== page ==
The foreign minister of Iran has told journalists that his country’s policy of executing gay people is justified on the basis of morality.
Mohammad Javad Zarif made the shocking statement at a press conference with German foreign minister Heiko Maasin Tehran on Monday.
According to Business Insider, Zarif was asked about the country’s death penalty for homosexuality by Bild reporter Paul Ronzheimer.
Zarif responded that, “Our society has moral principles, and according to these principles we live.”
He continued: “These are moral principles regarding the behaviour of people in general. And that’s because the law is upheld and you abide by laws.”
In January, it was reported that a 31-year-old unidentified man had been publicly hanged in the southwestern city of Kazeroon after being found guilty of having sex with another man.
A 2008 report claimed that between “4,000 and 6,000 gay men and lesbians were executed in Iran for crimes related to their sexual preference” in Iran since the Islamic Revolution in 1979. There have also been numerous incidents over the years in which teenage boys have been hanged for having sex with other teen boys.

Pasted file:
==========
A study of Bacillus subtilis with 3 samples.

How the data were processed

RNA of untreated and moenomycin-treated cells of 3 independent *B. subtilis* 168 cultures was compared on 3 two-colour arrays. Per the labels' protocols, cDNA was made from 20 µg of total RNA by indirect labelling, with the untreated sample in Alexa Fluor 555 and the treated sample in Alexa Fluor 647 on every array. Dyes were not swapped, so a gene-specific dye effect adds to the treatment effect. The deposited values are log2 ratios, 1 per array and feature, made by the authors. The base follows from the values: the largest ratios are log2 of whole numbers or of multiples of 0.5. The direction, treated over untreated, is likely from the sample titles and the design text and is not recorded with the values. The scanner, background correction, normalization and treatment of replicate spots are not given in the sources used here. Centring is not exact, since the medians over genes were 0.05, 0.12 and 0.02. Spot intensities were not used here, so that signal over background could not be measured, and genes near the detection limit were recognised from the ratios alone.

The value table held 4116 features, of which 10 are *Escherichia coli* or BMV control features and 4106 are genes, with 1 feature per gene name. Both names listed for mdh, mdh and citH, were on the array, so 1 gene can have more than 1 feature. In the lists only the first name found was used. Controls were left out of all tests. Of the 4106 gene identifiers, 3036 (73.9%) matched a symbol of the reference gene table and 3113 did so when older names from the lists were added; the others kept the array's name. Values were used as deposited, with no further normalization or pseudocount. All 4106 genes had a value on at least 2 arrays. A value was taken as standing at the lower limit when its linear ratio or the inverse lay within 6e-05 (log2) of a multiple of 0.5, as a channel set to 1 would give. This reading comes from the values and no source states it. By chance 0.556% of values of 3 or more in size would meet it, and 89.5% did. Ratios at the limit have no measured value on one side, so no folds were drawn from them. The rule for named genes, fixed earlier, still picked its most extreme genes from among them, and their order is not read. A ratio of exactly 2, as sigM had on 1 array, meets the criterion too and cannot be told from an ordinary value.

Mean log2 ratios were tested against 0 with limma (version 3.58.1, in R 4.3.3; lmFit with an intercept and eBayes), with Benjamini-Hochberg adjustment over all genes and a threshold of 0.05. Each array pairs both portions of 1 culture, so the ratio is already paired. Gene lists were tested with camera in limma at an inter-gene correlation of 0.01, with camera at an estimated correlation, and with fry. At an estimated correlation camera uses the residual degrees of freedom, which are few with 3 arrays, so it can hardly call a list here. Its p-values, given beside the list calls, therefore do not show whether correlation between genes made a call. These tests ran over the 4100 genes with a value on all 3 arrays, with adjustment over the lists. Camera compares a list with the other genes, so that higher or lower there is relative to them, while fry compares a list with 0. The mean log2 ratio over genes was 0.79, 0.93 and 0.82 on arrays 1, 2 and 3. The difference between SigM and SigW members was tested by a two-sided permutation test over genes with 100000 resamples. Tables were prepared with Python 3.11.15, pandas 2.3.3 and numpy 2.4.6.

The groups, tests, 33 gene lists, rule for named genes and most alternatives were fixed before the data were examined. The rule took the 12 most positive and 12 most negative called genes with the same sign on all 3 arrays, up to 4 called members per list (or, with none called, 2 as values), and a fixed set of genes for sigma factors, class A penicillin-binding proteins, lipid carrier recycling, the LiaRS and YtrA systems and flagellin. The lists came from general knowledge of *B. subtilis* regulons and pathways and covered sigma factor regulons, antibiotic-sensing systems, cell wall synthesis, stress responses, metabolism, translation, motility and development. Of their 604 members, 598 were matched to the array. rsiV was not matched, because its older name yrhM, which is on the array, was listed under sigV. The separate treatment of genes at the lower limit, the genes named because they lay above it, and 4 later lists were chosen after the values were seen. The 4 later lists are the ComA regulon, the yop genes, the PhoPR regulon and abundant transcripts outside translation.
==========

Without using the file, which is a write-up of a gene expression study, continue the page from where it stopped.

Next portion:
According to Amnesty International, male individuals who engage in same-sex anal intercourse face different punishments under Iranian criminal law depending on whether they are the “active” or “passive” partners and whether their conduct is deemed consensual or non-consensual.
Iran is one of six UN member states that impose the death penalty on consensual same-sex sexual acts. The others are Nigeria, Saudi Arabia, Somalia, Sudan and Yeme. The International Lesbian, Gay, Bisexual, Trans and Intersex Association (ILGA) reports that there are a further five states where such a punishment is technically possible.
In more than 20 other countries the maximum penalty for homosexuality can vary between 10 years to life imprisonment.